After escaping an abusive marriage, Cara Brookins had four children to provide for and no one to turn to but herself. In desperate need of a home but without the means to buy one, she did something incredible in Rise.
Equipped only with YouTube instructional videos, a small bank loan, a mile-wide stubborn streak, Cara built her own house from the foundation up with a work crew made up of her four children.
It would be the hardest thing she had ever done. With no experience nailing together anything bigger than a bookshelf, she and her kids poured concrete, framed the walls and laid bricks for their two story, five bedroom house. She had convinced herself that if they could build a house, they could rebuild their broken family.
This must-read memoir traces one family’s rise from battered victims to stronger, better versions of themselves, all through one extraordinary do-it-yourself project.
I received an eARC courtesy of the publisher, St. Martin’s Press, and Netgalley in exchange for an honest review!
This book is about a domestic violence survivor and her family, and includes some graphic descriptions of domestic violence, stalking and abuse. It also has a schizoaffective character that is incredibly dangerous to the family. Please be careful with your mental health, friends.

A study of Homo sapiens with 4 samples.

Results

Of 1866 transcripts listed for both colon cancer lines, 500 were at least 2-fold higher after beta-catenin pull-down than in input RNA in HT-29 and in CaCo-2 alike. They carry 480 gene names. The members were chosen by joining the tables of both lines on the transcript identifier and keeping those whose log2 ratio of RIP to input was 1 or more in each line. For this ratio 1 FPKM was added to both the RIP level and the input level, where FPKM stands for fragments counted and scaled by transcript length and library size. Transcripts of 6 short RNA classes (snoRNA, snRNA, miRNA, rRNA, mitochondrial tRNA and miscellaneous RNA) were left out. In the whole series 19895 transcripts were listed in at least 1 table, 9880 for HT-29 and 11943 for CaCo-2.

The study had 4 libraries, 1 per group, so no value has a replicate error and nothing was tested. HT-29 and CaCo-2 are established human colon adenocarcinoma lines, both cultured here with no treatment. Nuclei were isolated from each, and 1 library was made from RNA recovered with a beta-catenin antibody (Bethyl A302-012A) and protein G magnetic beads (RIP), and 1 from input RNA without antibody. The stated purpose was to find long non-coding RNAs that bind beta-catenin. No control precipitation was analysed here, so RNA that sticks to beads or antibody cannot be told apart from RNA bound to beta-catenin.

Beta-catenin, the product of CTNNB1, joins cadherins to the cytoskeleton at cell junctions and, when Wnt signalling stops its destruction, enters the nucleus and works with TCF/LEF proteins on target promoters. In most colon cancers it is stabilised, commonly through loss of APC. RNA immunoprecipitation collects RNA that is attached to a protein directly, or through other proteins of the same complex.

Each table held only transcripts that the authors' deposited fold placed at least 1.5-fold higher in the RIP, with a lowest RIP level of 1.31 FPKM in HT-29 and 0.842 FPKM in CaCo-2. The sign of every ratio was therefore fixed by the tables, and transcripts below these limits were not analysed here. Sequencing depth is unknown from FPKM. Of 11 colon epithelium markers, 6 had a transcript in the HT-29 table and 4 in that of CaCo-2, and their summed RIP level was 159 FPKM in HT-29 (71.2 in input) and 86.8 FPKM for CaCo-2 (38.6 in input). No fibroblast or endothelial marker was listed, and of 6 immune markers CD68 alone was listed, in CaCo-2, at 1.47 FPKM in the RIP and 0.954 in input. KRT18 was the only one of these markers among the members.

~ Nothing makes a person feel smaller, weaker, or more insubstantial than taking a thousand times more than you can handle.
Rise: How a House Built A Family told an amazing story, with a narrative style that read like it could be fiction, but it’s a memoir.
It’s told in split sections. The “Fall” chapters that detailed Cara’s relationship with her ex-husband Adam, who was an untreated schizophrenic and became incredibly violent to her and their children. The “Rise” chapters walked us through Cara breaking free of her currently abusive husband, Matt, and the construction process that helped build the Brookins family back up, and teach them to trust each other again.
This book broke my heart, and helped me put it back together. Cara is an amazing narrator, and their story is an important one. I was amazed that they were able to get everything done in their time frame. It really was an awesome effort to get done, and I’m proud of these people I’ve never met.
However, I wish that both in reality and in this book that Adam was treated for his psychological disorders, because he so desperately needed it. I wish that Adam’s family had been more interested in getting him help so he could be himself without being dangerous. My heart broke for Adam as much as it did for any of the others in this story.
Overall, I’m gonna go with a four star rating for this book. It’s probably closer to a 3.5. If this sounds like something you’d enjoy, you can pick up a copy on Amazon, Indiebound or your other favorite bookseller!
Cara Brookins is a computer analyst and social media marketing expert based in Little Rock. You can read more about her, as well as see shots of her home and family at http://www.carabrookins.com/. Her memoir, Rise: How a House Built a Family details the house she built with her children after they had left a domestic violence situation. She is also the author of seven middle grade and young adult novels and one adult novel.
Disclaimer: All links to Indiebound and Amazon are affiliate links, which means that if you buy through those links, I will make a small amount of money off of it.